Arthur Fraser. Picture: BUSINESS DAY
Arthur Fraser. Picture: BUSINESS DAY

President Cyril Ramaphosa has defended his decision to move controversial former spy boss Arthur Fraser to a powerful new post at correctional services – on the basis that he did so to avoid a "constitutional crisis".

That crisis, he says, was caused after the Inspector-General of Intelligence, Setlhomamaru Dintwe, took Fraser, then director-general of the State Security Agency (SSA), to court for revoking his security clearance. Dintwe argues that Fraser had done so in an unlawful bid to block him from probing "prima facie" evidence of wrongdoing against him.

Court documents have revealed that Dintwe is currently investigating whether Fraser was "party to the establishment of an intelligence gathering unit outside the provisions of the statute that governs intelligence gathering".

Allegations of Fraser’s "shadow security agency" rose to prominence following the publication of investigative reporter Jacques Pauw’s bestseller, The President’s Keepers.

Dintwe has since confirmed that three cabinet ministers formally complained about unlawful surveillance and bugging of their personal phones during Fraser’s leadership of the SSA.

Fraser denies allegations

Fraser has denied all allegations levelled against him by Dintwe, and in turn accused him of unlawfully disclosing classified information. Fraser said that he had revoked Dintwe’s security clearance to protect SA’s national security.

Ramaphosa’s lawyers, in court documents filed on Wednesday, suggested that the president did not take the Dintwe investigation particularly seriously, seeing it as a "rerevisiting of old allegations that had been investigated and finalised before Mr Fraser was appointed as director-general of the SSA".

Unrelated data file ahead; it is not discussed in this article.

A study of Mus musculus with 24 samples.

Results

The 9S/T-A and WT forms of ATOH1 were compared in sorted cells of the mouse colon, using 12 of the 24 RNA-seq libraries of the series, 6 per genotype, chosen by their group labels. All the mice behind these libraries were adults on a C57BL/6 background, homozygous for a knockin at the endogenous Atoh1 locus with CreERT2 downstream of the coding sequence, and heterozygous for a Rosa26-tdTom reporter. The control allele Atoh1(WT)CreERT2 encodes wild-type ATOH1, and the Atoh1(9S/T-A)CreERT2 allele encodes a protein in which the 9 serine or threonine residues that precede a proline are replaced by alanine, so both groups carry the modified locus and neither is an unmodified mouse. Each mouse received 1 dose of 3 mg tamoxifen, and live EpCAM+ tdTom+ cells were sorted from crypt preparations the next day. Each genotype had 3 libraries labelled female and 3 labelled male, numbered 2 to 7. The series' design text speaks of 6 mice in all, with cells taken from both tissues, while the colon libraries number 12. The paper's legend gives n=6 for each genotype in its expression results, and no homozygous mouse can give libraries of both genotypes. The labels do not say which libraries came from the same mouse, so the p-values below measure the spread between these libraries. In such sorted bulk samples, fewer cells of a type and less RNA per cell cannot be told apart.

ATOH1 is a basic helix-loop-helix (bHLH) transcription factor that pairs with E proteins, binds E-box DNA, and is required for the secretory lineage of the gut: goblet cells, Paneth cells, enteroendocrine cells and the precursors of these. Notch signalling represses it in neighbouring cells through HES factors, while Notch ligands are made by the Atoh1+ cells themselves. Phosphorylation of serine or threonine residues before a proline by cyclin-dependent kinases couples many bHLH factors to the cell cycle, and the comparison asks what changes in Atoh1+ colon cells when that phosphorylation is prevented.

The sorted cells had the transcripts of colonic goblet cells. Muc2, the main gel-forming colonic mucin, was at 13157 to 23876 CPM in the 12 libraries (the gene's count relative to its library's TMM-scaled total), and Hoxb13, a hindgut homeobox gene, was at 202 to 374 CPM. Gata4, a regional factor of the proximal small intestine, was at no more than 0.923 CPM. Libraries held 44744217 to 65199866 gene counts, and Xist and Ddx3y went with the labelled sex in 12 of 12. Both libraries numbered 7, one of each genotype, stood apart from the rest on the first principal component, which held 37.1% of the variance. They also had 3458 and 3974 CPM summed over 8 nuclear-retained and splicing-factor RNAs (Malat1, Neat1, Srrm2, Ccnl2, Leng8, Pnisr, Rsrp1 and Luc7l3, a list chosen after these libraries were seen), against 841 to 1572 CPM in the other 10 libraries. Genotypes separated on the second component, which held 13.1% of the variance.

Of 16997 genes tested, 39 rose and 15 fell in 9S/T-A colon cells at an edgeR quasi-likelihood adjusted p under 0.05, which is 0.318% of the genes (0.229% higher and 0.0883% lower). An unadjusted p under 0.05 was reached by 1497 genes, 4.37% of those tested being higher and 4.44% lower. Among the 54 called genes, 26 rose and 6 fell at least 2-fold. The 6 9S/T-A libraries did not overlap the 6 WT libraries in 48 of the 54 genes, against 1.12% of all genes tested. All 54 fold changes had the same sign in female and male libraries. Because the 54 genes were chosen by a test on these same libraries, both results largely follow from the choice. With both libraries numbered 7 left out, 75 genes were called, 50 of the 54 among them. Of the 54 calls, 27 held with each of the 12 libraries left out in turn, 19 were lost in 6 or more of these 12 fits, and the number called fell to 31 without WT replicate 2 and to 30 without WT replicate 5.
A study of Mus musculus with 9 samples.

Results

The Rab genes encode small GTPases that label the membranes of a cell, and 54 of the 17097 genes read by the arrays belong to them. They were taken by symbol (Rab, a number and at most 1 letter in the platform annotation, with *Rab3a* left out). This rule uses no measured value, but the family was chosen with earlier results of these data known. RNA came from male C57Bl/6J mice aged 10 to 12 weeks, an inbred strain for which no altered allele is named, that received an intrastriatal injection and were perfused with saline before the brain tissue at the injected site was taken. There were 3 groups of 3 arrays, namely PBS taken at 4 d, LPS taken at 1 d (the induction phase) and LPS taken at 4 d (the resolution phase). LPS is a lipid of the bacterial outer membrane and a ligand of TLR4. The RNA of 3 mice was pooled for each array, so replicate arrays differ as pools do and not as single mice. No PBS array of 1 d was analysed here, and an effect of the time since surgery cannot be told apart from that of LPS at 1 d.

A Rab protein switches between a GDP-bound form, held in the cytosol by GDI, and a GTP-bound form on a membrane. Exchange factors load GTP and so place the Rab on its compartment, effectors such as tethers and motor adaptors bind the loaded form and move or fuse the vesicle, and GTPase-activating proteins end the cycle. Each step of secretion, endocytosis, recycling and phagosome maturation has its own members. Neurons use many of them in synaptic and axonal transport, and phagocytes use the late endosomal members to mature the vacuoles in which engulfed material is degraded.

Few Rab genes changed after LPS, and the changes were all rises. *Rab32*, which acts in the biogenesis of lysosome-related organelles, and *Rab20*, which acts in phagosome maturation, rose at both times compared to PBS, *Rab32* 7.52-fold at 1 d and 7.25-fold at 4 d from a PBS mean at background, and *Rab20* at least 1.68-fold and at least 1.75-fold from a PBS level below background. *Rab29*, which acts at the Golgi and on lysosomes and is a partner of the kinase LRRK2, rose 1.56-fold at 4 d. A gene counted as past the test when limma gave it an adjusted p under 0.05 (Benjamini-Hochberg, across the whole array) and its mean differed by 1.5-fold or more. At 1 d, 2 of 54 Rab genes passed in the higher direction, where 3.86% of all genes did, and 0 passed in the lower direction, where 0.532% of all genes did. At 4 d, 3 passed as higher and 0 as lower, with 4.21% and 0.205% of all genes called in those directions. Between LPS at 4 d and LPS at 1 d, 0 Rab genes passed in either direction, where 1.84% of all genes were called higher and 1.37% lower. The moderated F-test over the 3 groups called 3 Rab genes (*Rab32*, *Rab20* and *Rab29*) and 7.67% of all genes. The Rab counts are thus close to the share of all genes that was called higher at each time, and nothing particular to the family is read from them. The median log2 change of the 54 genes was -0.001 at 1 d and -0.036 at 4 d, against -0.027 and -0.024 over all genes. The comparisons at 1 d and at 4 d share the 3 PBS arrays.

They said that Fraser had been appointed to his post in September 2016, "without legal challenge from any person or entity".

Ramaphosa’s legal team were providing reasons for his decision to transfer Fraser to the Department of Correctional Services in response to a case launched by the DA, which has attacked both the rationality and legality of Ramaphosa’s decision to move Fraser.

In Ramaphosa’s written reasons, the president sought to downplay any suggestion that he moved the spy boss because of claims made against him. Instead, Ramaphosa’s lawyers have laid responsibility for the decision to move Fraser at the door of State Security Minister Dipuo Letsatsi-Duba.

Ramaphosa said about a month after her appointment, Letsatsi-Duba had informed him that the SSA was not functioning as effectively as it should and proposed that an independent panel should be established to identify problem areas and make recommendations.

"The minister informed the president that she was of the view that Mr Fraser would have to be transferred out of the SSA before the panel could begin its work. Her view was that Mr Fraser’s strong personality would not be conducive to the investigation of the panel."

Ramaphosa’s lawyers say he agreed with Letsatsi-Duba, but did not immediately move Fraser as "it was not pressing for him to do so, as the process of establishing the panel had not been finalised".

Then, on April 5, Fraser revoked Dintwe’s clearance. This, according to Ramaphosa’s lawyers, resulted in a potential "constitutional crisis".

"As a result of the constitutional crisis that had arisen, the president decided to expedite the minister’s recommendation that Mr Fraser be transferred out of the SSA. He believed that with Mr Fraser out of the SSA the inspector-general could resume his investigation and the SSA could investigate the veracity of Mr Fraser’s allegations against him."